July 11, 2005
Cell Phone Links Disabled in New York Tunnels
NEW YORK (Reuters) -- Cellular phone service has been shut off in four busy New York commuter tunnels since last week's deadly blasts in London, officials said on Monday.
No specific reason was given for the move but cell phones have been used to trigger bombs in the past.
The move came immediately after the bombings in London on Thursday, said a spokesman for the Port Authority of New York and New Jersey, which oversees operation of the Lincoln and Holland tunnels.
New York has remained on high alert for another attack following the Sept. 11, 2001, hijacked plane attacks, which destroyed the World Trade Center's twin towers.
In March 2004 bombs in Madrid that killed 191 people on trains were fitted to mobile phones, using the alarms as timers. Police in London have said they believe the subway bombs there were detonated by timers.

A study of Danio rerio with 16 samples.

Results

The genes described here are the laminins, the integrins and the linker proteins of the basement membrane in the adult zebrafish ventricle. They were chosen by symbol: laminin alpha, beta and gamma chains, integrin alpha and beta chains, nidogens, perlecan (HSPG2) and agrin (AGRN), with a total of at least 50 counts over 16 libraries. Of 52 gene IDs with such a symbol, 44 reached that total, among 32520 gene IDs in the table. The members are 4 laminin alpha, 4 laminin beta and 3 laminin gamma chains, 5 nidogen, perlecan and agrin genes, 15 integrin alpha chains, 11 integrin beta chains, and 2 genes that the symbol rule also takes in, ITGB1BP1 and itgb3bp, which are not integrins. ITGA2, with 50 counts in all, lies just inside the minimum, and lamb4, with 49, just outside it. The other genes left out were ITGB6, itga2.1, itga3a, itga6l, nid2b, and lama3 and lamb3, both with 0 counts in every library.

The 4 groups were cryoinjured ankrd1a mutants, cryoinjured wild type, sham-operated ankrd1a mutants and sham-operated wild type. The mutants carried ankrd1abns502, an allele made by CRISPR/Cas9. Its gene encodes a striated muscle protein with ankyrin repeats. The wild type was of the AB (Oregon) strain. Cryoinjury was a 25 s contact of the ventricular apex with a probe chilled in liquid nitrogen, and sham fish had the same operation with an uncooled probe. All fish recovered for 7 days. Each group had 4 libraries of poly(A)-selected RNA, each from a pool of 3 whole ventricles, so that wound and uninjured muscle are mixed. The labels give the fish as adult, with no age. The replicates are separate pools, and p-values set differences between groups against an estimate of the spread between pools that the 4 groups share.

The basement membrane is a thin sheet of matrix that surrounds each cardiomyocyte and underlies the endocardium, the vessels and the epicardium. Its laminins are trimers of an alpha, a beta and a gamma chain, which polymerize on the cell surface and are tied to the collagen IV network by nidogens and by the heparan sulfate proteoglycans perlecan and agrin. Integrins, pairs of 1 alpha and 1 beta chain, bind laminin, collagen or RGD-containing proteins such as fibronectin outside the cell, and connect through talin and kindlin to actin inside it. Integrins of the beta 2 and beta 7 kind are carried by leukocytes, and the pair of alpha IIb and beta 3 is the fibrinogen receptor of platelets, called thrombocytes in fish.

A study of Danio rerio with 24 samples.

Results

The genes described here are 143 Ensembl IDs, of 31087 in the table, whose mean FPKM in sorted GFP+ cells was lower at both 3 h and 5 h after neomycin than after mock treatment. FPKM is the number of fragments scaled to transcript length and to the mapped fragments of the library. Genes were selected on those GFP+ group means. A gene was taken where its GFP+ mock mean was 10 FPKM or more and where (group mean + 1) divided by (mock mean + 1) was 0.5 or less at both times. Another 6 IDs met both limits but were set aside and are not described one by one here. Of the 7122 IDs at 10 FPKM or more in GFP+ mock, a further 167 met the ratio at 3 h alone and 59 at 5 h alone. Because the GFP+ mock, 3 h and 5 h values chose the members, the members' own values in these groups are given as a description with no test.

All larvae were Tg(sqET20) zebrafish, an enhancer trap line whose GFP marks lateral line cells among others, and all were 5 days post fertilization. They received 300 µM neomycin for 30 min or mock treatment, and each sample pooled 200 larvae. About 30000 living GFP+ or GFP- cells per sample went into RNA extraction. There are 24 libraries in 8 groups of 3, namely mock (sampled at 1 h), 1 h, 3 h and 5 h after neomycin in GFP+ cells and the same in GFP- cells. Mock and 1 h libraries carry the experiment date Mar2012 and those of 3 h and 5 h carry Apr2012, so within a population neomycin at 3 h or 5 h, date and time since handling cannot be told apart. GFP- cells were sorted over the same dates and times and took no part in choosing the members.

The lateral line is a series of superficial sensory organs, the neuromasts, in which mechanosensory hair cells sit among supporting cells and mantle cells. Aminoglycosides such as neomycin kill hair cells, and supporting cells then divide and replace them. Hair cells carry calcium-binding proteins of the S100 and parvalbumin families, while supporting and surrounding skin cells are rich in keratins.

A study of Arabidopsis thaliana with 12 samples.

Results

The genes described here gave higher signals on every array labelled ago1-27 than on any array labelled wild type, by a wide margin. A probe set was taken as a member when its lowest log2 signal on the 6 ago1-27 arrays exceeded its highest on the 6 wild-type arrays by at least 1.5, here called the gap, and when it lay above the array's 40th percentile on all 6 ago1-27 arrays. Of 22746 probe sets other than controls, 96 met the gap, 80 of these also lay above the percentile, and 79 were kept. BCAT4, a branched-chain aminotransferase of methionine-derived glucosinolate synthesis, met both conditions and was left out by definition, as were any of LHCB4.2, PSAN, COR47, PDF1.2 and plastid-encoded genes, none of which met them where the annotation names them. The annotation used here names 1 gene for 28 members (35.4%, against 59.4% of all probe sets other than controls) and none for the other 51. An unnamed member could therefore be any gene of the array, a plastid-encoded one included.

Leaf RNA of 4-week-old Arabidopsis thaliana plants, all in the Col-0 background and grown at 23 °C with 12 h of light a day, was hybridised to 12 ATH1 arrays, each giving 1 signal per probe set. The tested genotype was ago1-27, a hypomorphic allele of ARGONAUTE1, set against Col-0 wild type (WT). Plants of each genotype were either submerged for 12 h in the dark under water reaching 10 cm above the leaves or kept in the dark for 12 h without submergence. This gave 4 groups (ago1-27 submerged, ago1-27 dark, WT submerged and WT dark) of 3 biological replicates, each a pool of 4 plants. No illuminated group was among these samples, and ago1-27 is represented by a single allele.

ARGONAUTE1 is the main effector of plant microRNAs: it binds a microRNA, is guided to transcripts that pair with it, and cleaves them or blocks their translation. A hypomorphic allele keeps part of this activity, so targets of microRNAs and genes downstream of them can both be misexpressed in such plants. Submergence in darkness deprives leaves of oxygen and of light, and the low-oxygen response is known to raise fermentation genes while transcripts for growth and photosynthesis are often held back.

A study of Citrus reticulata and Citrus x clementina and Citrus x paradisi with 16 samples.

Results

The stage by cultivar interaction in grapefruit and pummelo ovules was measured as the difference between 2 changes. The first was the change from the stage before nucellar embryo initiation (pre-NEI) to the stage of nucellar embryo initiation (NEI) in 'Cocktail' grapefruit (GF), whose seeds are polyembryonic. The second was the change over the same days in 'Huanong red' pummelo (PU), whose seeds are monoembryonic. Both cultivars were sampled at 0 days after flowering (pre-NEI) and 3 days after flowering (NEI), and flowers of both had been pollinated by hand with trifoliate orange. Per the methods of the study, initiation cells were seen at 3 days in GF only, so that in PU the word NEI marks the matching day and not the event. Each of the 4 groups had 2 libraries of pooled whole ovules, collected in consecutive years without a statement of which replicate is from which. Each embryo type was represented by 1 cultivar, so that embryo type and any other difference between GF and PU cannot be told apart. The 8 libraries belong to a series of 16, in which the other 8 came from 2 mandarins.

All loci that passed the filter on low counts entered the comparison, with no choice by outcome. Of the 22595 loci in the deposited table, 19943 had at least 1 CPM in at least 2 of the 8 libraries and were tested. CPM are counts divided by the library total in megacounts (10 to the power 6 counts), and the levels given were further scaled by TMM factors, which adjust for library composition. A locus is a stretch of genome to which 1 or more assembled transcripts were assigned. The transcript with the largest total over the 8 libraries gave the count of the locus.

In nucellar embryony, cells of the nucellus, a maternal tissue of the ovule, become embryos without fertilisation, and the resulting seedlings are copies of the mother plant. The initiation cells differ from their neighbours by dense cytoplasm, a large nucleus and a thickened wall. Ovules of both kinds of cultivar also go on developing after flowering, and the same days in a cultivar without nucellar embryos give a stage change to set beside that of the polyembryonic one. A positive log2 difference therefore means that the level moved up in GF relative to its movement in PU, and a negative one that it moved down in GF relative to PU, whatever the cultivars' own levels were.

"Following the bombings in London, as a security precaution, the Port Authority required that cell phone service be suspended inside the Lincoln and Holland tunnels," said Tony Ciavolella, a Port Authority spokesman. "This was an initiative we put into place for the safety and security of the public."
The service will be disabled until further notice, Ciavolella said.
A spokesman for the New York Police Department said officials would weigh the benefits of disabled service against allowing cell phone service in the tunnels so the public could report suspicious packages or individuals.
Verizon Wireless spokesman Jeffrey Nelson said the Port Authority and the Metropolitan Transportation Authority had advised Verizon Wireless that they had discontinued cell phone service in the tunnels. Verizon Wireless is a venture of Verizon Communications and Vodafone, the country's second biggest mobile service.
Nelson said Verizon Wireless hoped service in the tunnels would be restored as quickly as possible and said he was not aware of any other U.S. cities taking similar actions.
"There's lots of different ways to use the cell phone as a trigger device," said Ken Dulaney, a wireless analyst for technology market research firm Gartner Inc.
But he added: "If you stop a cell phone, there are myriad other ways to trigger bombs."